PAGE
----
The other day, I was thinking about rebellion and passive-aggressiveness, and the combination of the two, mostly because I had just been called out about it. I was thinking about how God dealt with rebellion in the Bible, and I could only think of a few times where  it was mentioned.

The first I thought of was in Genesis, when a guy (Koresh, I think), decided he would make a better leader for the people of Israel than Moses. If I recall correctly, he had several thousand on his side, but it doesn’t matter much because he and all that sided with him were quickly killed by God.  Then, in Acts you have Ananias & Sapphira who decided make their offering to God sound more intense than it was. God struck them dead too. All throughout the prophets, you read of the stiff necks of Israel and others, and then you read how God will either, let them go into captivity, turn away from them, let their land become like a wasteland, or straight up kill them.

One particular thing I’ve noticed that gets mentioned many times is condemnation for not keeping the Sabbath. To me, that seems like a strange thing to be so angry about, but the more I read about God’s feeling toward the Sabbath, it makes sense. God didn’t only mean for Israel to take Saturday off to relax and regain strength (I do believe that was part of it though); He intended them to take a day to fully focus on Him, and remember who He was. He knows the frailty of the human memory when it comes to who is actually in charge. He knows the power that freewill and the desire for independence wields over the hearts of men.

In defiling the Sabbath, the man is saying that he wishes to live his life the way he wants, without any guidance that doesn’t make him comfortable. It can be passively saying that one knows how to better refresh himself than God does. You could quietly be saying that you don’t trust God (which is really the basis for most all intentional sin, if you think about it).

What does keeping the Sabbath look like? I think it looks different for everyone. I think it looks like taking a day to do that which brings restoration to the soul and body. For some, that can look like doing something related to a hobby, for others it can be cleaning their house or room. Whatever one does, the person should also be reminding themselves of who God is in someway, be it musing about the attributes of God the Creator as you build a model, or asking for forgiveness of sins as you clean. My point is, it doesn’t have to look like going to church and then locking yourself in an empty room and reading the Bible all day, no matter how bored you get. It doesn’t even have to be Sunday (Romans 14). Take a day and do it. You don’t even have to refer to it as a “Sabbath”, call it a day off, whatever; it’s no sin to call it what it is to you.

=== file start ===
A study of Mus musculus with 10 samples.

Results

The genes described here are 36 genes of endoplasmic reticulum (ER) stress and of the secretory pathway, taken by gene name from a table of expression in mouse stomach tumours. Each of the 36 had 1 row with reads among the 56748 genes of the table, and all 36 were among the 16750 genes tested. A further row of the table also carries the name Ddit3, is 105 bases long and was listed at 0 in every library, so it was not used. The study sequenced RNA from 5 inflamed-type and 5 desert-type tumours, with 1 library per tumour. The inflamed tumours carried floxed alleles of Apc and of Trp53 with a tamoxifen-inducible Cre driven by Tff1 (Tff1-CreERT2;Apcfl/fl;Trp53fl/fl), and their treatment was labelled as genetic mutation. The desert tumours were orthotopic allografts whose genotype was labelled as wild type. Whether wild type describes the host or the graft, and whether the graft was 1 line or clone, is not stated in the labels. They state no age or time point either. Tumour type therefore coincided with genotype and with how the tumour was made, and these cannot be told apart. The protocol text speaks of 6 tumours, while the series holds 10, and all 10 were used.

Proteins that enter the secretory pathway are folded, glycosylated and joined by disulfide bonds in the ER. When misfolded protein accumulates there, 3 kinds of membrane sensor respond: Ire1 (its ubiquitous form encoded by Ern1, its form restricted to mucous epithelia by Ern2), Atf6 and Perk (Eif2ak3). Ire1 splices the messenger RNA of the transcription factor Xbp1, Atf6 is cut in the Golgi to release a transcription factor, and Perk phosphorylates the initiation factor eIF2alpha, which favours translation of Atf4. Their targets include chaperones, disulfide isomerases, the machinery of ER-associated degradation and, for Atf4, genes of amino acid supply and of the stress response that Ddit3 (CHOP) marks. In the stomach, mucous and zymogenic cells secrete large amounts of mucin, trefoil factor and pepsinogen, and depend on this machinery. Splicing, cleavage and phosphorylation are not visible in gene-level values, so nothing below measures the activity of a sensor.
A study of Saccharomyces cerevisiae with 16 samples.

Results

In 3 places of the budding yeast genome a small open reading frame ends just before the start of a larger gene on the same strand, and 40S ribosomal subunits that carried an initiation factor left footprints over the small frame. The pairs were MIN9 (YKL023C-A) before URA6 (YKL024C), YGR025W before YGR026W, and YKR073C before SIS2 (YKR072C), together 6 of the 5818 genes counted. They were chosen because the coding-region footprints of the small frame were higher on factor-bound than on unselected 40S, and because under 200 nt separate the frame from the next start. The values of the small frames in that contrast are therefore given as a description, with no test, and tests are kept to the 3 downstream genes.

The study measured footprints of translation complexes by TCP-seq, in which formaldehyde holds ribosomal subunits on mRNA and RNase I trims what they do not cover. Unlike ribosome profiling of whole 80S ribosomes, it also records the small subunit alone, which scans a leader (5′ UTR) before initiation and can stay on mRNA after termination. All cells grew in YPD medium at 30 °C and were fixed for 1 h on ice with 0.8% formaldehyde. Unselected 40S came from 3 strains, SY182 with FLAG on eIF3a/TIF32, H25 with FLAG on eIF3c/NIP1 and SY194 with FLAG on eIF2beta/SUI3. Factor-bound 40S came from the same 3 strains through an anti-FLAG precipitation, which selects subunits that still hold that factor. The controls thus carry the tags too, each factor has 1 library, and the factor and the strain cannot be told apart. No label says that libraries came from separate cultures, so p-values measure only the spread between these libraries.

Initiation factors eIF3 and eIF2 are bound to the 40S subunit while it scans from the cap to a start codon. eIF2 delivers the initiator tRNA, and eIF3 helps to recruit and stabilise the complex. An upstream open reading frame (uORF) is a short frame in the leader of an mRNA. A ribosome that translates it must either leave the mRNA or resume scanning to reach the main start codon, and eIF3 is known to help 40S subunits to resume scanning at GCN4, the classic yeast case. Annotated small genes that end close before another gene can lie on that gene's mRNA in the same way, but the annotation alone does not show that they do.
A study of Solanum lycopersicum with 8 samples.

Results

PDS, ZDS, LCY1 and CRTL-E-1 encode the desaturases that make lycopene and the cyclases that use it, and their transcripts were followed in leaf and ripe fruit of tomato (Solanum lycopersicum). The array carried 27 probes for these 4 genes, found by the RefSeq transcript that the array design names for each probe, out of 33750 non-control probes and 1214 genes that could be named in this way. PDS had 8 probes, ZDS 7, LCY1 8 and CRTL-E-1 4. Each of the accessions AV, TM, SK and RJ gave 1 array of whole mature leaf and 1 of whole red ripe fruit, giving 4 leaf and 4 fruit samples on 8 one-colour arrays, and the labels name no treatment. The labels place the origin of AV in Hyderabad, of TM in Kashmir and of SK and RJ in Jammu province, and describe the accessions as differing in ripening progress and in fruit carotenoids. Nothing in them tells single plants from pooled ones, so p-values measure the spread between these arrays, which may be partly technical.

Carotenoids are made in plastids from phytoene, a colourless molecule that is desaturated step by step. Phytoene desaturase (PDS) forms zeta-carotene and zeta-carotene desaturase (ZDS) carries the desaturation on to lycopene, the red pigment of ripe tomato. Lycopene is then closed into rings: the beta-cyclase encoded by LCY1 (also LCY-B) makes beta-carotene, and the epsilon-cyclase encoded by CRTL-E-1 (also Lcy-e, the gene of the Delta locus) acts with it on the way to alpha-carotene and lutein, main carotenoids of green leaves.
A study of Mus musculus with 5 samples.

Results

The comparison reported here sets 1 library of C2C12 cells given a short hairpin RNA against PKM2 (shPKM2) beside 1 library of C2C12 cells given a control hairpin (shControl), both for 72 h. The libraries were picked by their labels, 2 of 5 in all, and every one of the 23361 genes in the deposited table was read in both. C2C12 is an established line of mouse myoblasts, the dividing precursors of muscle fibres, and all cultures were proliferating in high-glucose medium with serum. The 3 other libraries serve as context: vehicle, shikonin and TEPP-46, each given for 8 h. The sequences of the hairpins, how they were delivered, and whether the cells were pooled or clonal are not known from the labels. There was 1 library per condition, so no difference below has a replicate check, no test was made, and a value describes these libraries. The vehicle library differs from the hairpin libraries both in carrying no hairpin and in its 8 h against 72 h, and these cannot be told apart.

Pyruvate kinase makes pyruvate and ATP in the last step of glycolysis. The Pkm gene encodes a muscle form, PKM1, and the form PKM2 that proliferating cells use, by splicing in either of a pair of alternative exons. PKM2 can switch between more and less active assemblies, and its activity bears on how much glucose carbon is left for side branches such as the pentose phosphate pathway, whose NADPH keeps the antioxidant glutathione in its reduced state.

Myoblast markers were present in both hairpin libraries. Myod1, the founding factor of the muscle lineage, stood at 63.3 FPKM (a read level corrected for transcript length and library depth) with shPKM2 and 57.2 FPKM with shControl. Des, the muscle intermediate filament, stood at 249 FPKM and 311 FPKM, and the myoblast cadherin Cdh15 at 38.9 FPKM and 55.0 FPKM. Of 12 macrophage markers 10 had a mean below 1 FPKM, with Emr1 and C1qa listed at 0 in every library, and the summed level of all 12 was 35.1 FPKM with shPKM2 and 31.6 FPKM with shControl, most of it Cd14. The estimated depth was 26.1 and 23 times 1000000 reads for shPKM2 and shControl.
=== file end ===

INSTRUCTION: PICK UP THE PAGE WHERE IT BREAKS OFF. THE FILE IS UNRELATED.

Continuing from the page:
As for if Jewish believers in Jesus have to observe the Sabbath on Saturday, I have no wisdom on that. I’m speaking from a non-Jewish perspective.

Despite the fact I’ve written about 500 words about it, I can’t say that I personally keep a Sabbath. Yes, I have a day off, but is it holy and refreshing to my soul? Rarely. Do I want to have an actual Sabbath? Yes. From what I know of the ways of God, that is a big first step. May God give me grace to accomplish this, week after week.


EDIT: I don’t want to come across as having anything close to the last word about the Sabbath or its necessity. I just feel led to start actually doing it and I was mostly talking to myself about it all. Pray about what God would have you do with what you just read.